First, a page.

Thursday, May 28, 2009

An Empowering Commencement Address

Below you will find a link to a comment by a college administrator who heard a moving commencement address (additional link). As he states, the address speaks for itself -- but I find that it speaks to me, and probably most educators, in that it is both a) the usual message of encouragement to new grads, but more importantly b) that it is also one of hope for the future.

This address made me aware that those of us involved in education are truly optimists -- we must be in order to be able to continue encouraging students to strive to become better. Above seeing this as any sort of "duty", I find myself immensely rewarded by enabling students to feel "empowered" as to their abilities and to the many opportunities to explore and develop themselves.

What a privilege I have to be at the threshold of such potential and see it blossom! I hope this address instills confidence in our individual and collective potential and energizes all of us to focus our efforts in a positive way for our futures and that of the national and world community.

Congratulations to all graduates and best wishes to all!

A last word on commencements / Getting to Green - Inside Higher Ed


The Best College Choice

As high school seniors graduate this week and being the transition to their college of choice, and juniors begin to look forward to doing their college research, there is a family from Illinois that helps provide an example of how students can make their college education work in their favor. The Sereno siblings – all six – attended the same college, Northern Illinois University (not necessarily on the US News or Forbes list of “best” colleges) and all earned PhDs and have become recognized experts and scholars in their fields. (

As Paul Sereno (now a world-famous paleontologist) stated, “It underscores the fact that you are what you make of yourself and your talents, and you can almost begin at any time.” In other words, as some often say, it is not where one starts, but where one ends up that matters.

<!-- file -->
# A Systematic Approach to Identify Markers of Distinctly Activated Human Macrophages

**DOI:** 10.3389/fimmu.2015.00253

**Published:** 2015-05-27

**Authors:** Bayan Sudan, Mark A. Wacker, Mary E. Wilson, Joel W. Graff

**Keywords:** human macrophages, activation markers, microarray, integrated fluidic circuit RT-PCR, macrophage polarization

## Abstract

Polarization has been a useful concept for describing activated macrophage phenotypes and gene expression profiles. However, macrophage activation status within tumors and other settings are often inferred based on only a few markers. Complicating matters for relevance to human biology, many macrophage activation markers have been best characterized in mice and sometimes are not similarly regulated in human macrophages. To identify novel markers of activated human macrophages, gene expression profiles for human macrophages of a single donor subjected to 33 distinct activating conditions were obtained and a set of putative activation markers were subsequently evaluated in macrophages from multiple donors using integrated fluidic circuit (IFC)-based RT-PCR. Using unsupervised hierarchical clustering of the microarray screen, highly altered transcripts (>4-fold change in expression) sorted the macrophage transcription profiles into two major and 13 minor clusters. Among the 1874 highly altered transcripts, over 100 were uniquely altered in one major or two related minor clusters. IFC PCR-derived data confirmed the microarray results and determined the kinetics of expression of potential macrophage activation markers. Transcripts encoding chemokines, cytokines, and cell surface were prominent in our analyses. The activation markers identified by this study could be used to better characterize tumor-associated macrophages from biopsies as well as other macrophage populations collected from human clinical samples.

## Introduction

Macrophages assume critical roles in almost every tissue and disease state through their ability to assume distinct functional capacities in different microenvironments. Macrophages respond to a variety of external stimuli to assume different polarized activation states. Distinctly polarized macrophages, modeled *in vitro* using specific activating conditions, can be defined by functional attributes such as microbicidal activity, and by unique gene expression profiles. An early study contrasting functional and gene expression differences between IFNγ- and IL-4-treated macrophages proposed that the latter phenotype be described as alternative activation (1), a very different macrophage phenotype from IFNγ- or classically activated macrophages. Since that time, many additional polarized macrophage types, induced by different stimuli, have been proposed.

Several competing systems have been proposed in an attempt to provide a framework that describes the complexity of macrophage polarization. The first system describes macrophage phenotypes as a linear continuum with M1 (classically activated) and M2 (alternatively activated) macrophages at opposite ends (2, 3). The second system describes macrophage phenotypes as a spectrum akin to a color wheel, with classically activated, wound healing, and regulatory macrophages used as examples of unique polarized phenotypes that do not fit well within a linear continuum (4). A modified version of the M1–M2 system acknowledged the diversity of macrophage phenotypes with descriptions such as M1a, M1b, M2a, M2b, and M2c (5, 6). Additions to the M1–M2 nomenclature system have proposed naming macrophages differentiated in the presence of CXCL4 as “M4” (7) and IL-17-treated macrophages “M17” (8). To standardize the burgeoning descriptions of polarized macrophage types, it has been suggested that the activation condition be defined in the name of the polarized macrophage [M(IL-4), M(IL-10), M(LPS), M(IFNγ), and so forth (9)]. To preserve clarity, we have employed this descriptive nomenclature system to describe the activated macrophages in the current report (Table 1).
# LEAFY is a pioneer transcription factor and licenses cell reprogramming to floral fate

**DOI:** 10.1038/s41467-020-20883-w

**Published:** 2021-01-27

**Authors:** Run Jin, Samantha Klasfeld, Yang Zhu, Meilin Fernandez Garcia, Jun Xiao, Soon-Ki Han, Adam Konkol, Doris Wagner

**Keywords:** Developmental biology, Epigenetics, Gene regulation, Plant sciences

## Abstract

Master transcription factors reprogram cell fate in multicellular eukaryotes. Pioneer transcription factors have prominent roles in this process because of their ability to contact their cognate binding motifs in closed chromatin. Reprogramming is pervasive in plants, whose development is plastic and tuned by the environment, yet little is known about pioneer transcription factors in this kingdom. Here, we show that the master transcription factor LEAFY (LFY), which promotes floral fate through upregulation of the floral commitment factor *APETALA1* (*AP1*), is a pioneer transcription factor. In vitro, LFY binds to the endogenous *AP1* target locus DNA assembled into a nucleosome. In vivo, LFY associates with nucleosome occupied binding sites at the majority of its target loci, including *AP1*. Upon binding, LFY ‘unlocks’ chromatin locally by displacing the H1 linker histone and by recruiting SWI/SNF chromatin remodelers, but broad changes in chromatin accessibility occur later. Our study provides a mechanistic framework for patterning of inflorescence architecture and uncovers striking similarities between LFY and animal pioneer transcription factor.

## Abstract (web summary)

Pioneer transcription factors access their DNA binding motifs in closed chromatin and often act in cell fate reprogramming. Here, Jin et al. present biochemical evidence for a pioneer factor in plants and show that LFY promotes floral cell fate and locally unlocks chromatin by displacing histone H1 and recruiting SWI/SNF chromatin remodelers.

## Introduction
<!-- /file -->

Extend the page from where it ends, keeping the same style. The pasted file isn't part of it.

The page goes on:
All of this helps give focus to students to consider themselves as individual learners and to visualize what type of learning environment will suit them best so that they will learn and enrich their intellect and lives most effectively. Thus, the “name” of the college or university one attends is not critical to success, but it is the learning – both in the classroom and experientially -- that one gains that matters. Consider this: all text and reference materials are available to anyone, and good teaching is not limited to “name” colleges -- in fact, professors at many highly regarded colleges are hired more for research than for teaching.

Perhaps there is a more “selected” group of students at some colleges, but there is no doubt that there are students who are equally as capable at almost any college in the country, and what one learns should not be dependant on who is in the adjacent seat but on one’s own desire and willingness to learn. Students must be aware that they are the ones who are responsible for their learning and achievement and should look at colleges as the place where they can make the most of their own motivation.